Ask potential employers the right questions

Identifying the right company to work for means investigating the potential employer thoroughly, and that means asking solid questions. TechRepublic members offer up best questions to ask during your interview with a prospective company.
Written by Judith N. Mottl, Contributor

Identifying the right company to work for means investigating the potential employer thoroughly, and that means asking solid questions. TechRepublic members offer up best questions to ask during your interview with a prospective company.

When it comes to finding that next job, experts consistently advise that IT managers take a proactive approach and don't just wait for the Sunday job listings, then spend Monday sending out resumes. The focus should be finding a company that is in tune with your professional and career goals. Two of the best ways to determine if a company's culture will be a good fit for you involve getting insider information about the company for which you are considering working.

The first investigative approach is to try to talk to someone in the company (unrelated to the interviewing process) and find out as much as you can about management philosophy, technology adoption and viewpoint, the work culture, and what the internal turnover rate has been during these tough economic times. It's worth calling a few networking contacts and sending some email messages to friends and former colleagues to ask if they know the company and anyone working there.

The second approach hinges on getting the hiring manager to invite you in for an interview or pre-interview. This is a valuable opportunity to delve into pertinent issues and get feedback and insight directly from the most relevant manager.

The key to making these investigative approaches work is developing a solid list of questions to ask before you sit down to talk to anyone at the prospective company. Here are some suggestions from TechRepublic members on what job hunters should ask of company officials, either during an interview or a pre-interview.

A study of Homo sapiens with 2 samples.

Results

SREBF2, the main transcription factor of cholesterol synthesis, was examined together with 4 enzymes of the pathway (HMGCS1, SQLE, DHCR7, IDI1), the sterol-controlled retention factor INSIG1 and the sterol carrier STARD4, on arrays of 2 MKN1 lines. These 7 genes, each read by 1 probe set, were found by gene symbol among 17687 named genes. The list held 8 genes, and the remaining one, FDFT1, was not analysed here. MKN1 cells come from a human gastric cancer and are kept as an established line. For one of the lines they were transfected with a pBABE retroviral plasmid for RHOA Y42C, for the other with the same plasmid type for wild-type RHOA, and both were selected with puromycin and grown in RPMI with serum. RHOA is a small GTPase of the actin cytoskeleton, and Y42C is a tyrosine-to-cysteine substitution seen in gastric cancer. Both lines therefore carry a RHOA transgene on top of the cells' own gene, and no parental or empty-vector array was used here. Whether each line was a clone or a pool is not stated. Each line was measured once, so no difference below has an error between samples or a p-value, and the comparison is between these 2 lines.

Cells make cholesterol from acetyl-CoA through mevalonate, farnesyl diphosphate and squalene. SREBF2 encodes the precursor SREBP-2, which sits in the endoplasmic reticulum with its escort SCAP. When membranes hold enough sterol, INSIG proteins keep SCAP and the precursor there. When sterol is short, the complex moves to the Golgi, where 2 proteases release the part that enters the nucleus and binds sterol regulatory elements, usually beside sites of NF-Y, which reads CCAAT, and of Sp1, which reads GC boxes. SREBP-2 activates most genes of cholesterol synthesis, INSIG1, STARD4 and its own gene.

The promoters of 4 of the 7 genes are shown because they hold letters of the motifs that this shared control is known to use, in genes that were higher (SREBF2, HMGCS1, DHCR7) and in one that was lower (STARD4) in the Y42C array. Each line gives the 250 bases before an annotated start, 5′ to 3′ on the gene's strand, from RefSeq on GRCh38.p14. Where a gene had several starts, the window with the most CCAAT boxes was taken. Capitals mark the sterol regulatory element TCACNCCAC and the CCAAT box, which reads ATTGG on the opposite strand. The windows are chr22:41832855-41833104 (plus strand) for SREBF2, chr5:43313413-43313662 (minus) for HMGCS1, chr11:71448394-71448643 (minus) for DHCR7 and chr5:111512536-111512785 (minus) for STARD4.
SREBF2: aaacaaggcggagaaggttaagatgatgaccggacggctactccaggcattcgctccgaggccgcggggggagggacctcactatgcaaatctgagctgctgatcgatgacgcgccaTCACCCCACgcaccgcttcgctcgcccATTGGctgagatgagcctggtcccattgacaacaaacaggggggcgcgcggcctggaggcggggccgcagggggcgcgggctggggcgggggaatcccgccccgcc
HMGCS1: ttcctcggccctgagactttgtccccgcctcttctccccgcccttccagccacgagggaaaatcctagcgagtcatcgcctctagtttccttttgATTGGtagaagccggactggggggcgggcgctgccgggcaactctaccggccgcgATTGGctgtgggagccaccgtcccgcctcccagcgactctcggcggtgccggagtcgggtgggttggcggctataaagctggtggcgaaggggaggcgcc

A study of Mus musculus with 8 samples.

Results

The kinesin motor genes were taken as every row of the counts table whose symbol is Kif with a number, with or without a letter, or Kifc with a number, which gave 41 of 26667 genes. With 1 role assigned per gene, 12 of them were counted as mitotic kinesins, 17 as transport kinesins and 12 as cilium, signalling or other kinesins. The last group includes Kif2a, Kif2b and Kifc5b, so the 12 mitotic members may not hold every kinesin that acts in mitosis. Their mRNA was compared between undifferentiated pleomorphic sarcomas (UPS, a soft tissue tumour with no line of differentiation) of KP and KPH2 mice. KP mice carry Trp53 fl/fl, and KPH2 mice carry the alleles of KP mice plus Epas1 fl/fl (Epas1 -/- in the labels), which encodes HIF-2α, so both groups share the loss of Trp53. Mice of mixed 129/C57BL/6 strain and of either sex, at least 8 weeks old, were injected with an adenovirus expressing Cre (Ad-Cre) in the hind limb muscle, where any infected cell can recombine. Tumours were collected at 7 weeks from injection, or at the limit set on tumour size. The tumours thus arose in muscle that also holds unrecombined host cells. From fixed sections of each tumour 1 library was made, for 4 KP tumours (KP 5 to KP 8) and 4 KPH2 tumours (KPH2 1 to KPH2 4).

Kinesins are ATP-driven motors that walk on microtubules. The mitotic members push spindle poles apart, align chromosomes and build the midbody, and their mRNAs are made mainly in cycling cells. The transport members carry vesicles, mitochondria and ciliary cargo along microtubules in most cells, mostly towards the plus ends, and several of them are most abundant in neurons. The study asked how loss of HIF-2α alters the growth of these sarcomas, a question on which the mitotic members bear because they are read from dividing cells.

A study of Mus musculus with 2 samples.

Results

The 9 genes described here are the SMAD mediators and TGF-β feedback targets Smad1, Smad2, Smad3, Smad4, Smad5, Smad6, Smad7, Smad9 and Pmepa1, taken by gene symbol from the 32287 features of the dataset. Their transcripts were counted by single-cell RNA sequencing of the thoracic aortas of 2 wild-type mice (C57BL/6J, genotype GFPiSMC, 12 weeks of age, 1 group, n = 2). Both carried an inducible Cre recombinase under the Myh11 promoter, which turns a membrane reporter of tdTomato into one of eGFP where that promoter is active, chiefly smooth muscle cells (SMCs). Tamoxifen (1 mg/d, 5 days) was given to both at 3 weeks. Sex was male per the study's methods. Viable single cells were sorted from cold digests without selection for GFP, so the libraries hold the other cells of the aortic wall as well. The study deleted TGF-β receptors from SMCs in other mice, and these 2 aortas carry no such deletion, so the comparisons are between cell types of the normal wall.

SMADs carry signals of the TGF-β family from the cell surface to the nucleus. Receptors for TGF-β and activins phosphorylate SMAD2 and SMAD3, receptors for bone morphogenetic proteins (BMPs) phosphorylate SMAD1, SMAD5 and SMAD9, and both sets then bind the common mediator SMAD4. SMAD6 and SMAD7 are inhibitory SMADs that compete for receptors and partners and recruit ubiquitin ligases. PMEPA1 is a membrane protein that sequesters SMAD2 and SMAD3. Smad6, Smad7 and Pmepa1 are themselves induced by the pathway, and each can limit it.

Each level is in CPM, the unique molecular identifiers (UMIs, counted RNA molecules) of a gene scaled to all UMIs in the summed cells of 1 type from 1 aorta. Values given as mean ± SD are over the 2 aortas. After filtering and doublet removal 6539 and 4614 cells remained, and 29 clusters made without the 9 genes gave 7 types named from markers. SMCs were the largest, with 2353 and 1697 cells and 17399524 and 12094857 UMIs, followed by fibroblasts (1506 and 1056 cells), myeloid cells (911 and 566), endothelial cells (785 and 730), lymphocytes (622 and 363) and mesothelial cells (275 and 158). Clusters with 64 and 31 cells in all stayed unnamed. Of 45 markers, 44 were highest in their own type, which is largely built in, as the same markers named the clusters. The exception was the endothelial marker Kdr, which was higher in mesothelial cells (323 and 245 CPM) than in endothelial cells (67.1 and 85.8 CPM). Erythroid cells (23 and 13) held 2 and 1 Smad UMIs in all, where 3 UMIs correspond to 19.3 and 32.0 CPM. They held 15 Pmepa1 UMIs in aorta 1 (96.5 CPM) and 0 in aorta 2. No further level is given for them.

The questions to pose
Our request for these types of interview questions was perfectly timed, as many TechRepublic members are in the throes of job hunting and interviewing, including Deanne who offered up this list of questions:

  • What do you find most frustrating about your position? (Assuming the interviewer is in your field and not just the HR weed-out person.)
  • Why is this position open?
  • Can you describe a typical day in this role?
  • Where do you see this position in three to five years?
  • What is the company's policy regarding training?

Debasish Sarkar, an analyst/software engineer, asked the following questions of his employer before joining Automated Workflow Private Limited, in Bangalore, India:

  • Would the job description assigned to me be based on my interest areas?
  • How would you describe the growth and financial stability of the company, as well as it's future growth possibilities?
  • How would you describe the work culture (do people work overtime, etc.)?
  • What are the personal growth opportunities? (And what is the training budget for the IT staff?)

Ramonart investigates potential employers through multiple means. First, this TechRepublic member uses his business contacts and local user groups to get an "impression" of the company. He then reviews the company's Web site and queries search engines to find articles about the company.

Ramonart recommends asking the hiring manager for an employee contact within his or her department whom you can speak to directly, during or after the job interview.

Here are the questions Ramonart posed during his most recent job search and the reasoning behind each one:

  • How many IT employees do you have? (A response of just a few IT employees means that you might have to cover multiple technologies and tasks.)
  • How many people does the IT staff support? (A very small proportion of IT staff to staff supported can mean long hours and high pressure.)
  • What technologies have you implemented? (A huge variety of technologies can be a warning of poor IT strategy and implementation.)
  • What are your major IT initiatives for the year? (This response should give you an idea of the overall IT strategy. If the initiatives are reactive to problems rather than proactive, beware!)

Once you have the answers to all the questions suggested in this article, you will have a very concise understanding of the company's IT department, what it has been focused on, and what it's hoping to accomplish in the future. All of this information will help you determine if you would be a good fit in its IT department.